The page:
Compare any two graphics cards:
Geforce GTX 670 vs Radeon HD 6970
IntroThe Geforce GTX 670 makes use of a 28 nm design. nVidia has clocked the core speed at 915 MHz. The GDDR5 memory works at a speed of 1500 MHz on this particular model. It features 1344 SPUs as well as 112 Texture Address Units and 32 Rasterization Operator Units.
Compare those specifications to the Radeon HD 6970, which makes use of a 40 nm design. AMD has clocked the core frequency at 880 MHz. The GDDR5 RAM is set to run at a frequency of 1375 MHz on this particular model. It features 1536 SPUs as well as 96 TAUs and 32 ROPs.
(No game benchmarks for this combination yet.)
Power Usage and Theoretical Benchmarks
Power Consumption (Max TDP)
The Geforce GTX 670, in theory, should be a little bit faster than the Radeon HD 6970 in general. (explain)
Texel RateThe Geforce GTX 670 will be a lot (more or less 21%) better at AF than the Radeon HD 6970. (explain)
Pixel RateIf using lots of anti-aliasing is important to you, then the Geforce GTX 670 is the winner, but not by far. (explain)
Please note that the above 'benchmarks' are all just theoretical - the results were calculated based on the card's specifications, and real-world performance may (and probably will) vary at least a bit.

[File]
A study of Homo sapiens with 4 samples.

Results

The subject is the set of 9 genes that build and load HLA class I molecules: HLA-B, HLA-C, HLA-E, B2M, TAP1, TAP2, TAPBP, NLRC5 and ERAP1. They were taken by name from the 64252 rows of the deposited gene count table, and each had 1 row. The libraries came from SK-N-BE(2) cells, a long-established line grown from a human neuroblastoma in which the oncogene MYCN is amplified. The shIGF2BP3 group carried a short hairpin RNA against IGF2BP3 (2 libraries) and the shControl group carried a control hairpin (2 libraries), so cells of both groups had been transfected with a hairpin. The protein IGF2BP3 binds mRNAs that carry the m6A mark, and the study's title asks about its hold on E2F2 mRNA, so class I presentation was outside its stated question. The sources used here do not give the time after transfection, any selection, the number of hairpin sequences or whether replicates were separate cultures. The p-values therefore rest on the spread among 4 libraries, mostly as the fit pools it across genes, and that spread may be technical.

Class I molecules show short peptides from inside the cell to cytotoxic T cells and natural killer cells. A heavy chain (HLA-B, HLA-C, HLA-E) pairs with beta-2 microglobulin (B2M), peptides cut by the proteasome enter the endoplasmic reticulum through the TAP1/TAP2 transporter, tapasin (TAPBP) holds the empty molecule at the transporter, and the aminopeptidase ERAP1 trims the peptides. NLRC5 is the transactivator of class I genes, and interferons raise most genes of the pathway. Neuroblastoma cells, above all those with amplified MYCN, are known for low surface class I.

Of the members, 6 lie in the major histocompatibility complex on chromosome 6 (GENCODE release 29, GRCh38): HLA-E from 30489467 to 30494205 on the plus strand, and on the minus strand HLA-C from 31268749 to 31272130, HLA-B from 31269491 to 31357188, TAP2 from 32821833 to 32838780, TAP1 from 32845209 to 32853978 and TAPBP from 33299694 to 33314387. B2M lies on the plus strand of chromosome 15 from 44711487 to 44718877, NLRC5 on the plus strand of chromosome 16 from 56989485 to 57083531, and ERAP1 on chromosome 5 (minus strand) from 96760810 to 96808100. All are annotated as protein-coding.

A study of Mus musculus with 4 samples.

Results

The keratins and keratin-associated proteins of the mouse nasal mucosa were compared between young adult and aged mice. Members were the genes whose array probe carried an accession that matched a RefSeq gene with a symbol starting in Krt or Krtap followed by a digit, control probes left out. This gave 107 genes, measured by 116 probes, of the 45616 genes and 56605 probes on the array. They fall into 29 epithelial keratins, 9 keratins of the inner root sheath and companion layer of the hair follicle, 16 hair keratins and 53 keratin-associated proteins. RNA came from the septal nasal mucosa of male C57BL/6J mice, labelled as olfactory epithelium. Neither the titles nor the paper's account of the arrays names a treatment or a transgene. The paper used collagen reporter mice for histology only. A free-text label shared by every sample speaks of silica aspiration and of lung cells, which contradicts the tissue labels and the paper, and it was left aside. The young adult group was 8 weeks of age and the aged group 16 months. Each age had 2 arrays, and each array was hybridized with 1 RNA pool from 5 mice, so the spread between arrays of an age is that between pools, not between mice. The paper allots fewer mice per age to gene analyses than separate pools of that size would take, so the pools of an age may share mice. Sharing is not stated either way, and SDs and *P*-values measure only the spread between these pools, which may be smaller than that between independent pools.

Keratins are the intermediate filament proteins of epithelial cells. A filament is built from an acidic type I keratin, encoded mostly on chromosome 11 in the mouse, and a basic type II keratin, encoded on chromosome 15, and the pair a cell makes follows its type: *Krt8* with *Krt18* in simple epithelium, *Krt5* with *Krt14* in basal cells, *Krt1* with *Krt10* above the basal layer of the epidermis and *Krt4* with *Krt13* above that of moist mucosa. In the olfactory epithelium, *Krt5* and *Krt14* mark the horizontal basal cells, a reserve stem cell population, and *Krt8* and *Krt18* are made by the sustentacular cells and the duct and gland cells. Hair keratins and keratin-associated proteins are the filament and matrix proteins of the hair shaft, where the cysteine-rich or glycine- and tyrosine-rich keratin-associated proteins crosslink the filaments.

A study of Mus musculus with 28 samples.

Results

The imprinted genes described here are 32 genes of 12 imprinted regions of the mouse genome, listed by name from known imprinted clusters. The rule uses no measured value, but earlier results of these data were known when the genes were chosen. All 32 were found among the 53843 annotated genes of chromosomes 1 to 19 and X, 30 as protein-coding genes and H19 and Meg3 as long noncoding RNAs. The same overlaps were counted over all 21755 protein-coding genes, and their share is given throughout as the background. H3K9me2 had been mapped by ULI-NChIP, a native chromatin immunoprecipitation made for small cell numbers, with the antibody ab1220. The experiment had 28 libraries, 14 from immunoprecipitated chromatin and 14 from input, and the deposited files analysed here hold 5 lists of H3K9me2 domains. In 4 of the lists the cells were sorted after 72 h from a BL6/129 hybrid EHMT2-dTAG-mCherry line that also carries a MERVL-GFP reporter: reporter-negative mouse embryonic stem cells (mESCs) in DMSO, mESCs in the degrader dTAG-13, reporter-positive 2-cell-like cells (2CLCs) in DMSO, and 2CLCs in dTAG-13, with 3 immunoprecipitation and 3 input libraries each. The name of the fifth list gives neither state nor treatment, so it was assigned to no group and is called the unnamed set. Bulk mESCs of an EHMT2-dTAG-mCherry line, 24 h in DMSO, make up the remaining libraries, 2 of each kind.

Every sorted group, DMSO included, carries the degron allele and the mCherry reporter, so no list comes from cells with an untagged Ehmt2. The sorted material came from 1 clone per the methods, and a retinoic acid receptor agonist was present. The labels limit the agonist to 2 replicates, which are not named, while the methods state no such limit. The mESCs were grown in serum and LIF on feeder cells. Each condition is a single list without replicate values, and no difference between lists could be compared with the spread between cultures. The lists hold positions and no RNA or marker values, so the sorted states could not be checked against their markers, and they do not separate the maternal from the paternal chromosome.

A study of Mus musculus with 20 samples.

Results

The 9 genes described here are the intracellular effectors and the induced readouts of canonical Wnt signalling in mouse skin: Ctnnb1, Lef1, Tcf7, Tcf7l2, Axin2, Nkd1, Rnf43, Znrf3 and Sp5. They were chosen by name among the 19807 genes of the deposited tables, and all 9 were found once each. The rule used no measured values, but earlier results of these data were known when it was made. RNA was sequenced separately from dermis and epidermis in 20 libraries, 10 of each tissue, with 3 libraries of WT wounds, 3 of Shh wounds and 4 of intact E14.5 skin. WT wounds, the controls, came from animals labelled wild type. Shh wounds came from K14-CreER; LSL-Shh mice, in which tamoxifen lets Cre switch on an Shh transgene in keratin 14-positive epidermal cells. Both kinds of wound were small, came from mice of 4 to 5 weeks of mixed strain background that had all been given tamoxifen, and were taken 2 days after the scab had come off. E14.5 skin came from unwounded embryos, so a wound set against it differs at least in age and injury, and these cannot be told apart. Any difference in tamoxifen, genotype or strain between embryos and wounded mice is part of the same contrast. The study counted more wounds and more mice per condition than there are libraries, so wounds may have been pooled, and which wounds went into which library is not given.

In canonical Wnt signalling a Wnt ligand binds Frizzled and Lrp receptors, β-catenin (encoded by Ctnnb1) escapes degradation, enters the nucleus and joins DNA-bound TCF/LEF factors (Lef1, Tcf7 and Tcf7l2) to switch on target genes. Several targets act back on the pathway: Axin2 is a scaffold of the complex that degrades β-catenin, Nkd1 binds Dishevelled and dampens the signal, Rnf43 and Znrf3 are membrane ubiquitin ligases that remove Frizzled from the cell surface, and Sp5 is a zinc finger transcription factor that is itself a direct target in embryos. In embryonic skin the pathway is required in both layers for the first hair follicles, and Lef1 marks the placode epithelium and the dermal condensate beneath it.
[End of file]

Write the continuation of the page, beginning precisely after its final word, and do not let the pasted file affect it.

Please note that the price comparisons are based on search keywords - sometimes it might show cards with very similar names that are not exactly the same as the one chosen in the comparison. We do try to filter out the wrong results as best we can, though.
Memory Bandwidth: Memory bandwidth is the maximum amount of information (in units of megabytes per second) that can be moved across the external memory interface within a second. The number is worked out by multiplying the card's bus width by its memory clock speed. If it uses DDR type memory, it should be multiplied by 2 once again. If DDR5, multiply by ANOTHER 2x. The better the bandwidth is, the better the card will be in general. It especially helps with anti-aliasing, HDR and high resolutions.
Texel Rate: Texel rate is the maximum texture map elements (texels) that are processed in one second. This figure is calculated by multiplying the total amount of texture units by the core speed of the chip. The higher the texel rate, the better the graphics card will be at texture filtering (anisotropic filtering - AF). It is measured in millions of texels processed per second.
Pixel Rate: Pixel rate is the maximum amount of pixels that the graphics chip can possibly write to its local memory in one second - measured in millions of pixels per second. The number is worked out by multiplying the amount of colour ROPs by the the core speed of the card. ROPs (Raster Operations Pipelines - aka Render Output Units) are responsible for outputting the pixels (image) to the screen. The actual pixel fill rate also depends on lots of other factors, especially the memory bandwidth - the lower the memory bandwidth is, the lower the ability to reach the max fill rate.